I was very pleased to read "The Other Side" by Marc Stirdivant about Sebastopol [Jan. 4]. Sebastopol, which could be called Berkeley North, in miniature, is a fabulous town with many great features. Some he well captured, especially the mirthful sculptures of the Amiots. Their pieces of public art do so much to enliven visual Sebastopol, not only on Florence Avenue.
Other valuable items of local culture unmentioned:
1. Pâtisserie Angelica has baked goods and candies better than any encountered in the San Fernando Valley. During Hanukkah 2013 I was able to purchase a wonderful blue and white dreidel cake. The attentive staff is knowledgeable. They offer West County High Tea during the three days each week the pâtisserie is open.
2. Michael Anthony is a great boot maker with a small shop on North Main Street. He is a personable craftsman who has years of experience. All of his boots are custom-made.
3. Copperfield's is a stellar local chain of bookstores with a branch on Main Street. The clerks are superb, and the card selection is found nowhere else and will entertain and please friends and loved ones. Copperfield's is the antidote to national chains of booksellers. Or should I say chain? At Copperfield's there is a there there.
4. The Barlow. Expansive new development overlaid on a former apple packing house. Many shops, restaurants and soon the Hotel Barlow.
5. Sebastopol Hardware: What can I say about this Ace Hardware store except that it is the best. The staff reflects the care of the owners. No hardware store has employees who care more or are as helpful. This should be a training store for all persons employed in retail.
6. He did not mention the ease of access to Sebastopol. Horizon Air/Alaska Airlines offer multiple flights daily to and from
7. He gave himself away as a Southern Californian by referring to U.S. 101 as "the 101." The use of the word "the" does not occur in Northern Californian argot in reference to freeways.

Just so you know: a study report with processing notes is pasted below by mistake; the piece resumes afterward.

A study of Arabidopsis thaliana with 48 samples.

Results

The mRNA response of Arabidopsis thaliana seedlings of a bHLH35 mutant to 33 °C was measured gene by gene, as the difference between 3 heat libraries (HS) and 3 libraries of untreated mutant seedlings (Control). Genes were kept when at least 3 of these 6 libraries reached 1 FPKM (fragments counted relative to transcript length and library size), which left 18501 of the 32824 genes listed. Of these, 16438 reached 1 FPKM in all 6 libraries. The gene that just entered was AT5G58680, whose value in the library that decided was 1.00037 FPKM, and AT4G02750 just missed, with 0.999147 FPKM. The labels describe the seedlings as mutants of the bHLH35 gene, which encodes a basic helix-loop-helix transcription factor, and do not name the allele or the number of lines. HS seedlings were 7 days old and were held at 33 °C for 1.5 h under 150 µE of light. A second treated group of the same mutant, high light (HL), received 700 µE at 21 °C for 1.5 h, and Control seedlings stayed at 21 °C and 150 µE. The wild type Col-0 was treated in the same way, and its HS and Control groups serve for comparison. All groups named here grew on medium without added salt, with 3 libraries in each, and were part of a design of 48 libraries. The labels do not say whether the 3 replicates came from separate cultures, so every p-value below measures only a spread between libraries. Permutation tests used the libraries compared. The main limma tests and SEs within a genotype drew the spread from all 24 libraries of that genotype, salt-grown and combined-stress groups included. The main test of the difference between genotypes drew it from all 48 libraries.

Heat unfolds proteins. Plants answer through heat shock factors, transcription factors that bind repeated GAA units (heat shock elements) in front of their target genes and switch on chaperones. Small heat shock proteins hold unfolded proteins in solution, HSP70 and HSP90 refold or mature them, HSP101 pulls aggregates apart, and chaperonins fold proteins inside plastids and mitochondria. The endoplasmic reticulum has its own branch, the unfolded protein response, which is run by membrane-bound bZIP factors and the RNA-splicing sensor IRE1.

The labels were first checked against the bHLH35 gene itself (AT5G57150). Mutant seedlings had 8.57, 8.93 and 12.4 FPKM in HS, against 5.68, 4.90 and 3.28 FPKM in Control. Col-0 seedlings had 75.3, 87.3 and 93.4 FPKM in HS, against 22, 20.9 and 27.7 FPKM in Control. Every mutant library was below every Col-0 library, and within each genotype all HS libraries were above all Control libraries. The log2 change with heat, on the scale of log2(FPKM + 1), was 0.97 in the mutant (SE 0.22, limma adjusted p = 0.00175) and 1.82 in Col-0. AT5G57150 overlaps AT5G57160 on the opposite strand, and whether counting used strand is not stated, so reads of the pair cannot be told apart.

Thank you again for writing and publishing the sweet story on Sebastopol.
Bodega Bay, Calif.
I have appreciated the specific and practical articles that your section prints each week: You write for the traveler. Some travel sites, I think, write only for other travel writers (viz. New York Times article on World War I battlefields).
But the reason I am writing is because the Dec. 28 Travel section was brilliant. It offered me ideas for the future as well as hints for the present (e.g. I am going to renew my passport before my March trip to Ecuador, even though it doesn't expire until 2016. I have only two pages left that are blank).
Thank you so much.
Marina del Rey
Hint for a change
Regarding the Dec. 28 letter on "Suitcase Squeeze": Amen to the excellent suggestion from Carol Clark regarding an additional folding suitcase rack. May I add that hotels should have a small table or additional wall hooks in the bathroom to hang change(s) of clothes. What I've done is drag a chair (if small enough to move) into the bathroom on which to place my change of clothes. Just a suggestion.
Terri De La Torre
Reader Barbara Frank decries spending $587 on a luxury hotel room in Mexico when that money could and should be spent feeding the poor [Letters, Dec. 28]. Of course, that principle applies to spending $100 per night or, in fact, spending any money on travel or other optional activities. There's always someone poorer who needs that money. And that's the underlying message of Frank's letter: Feel guilty about enjoying your own life.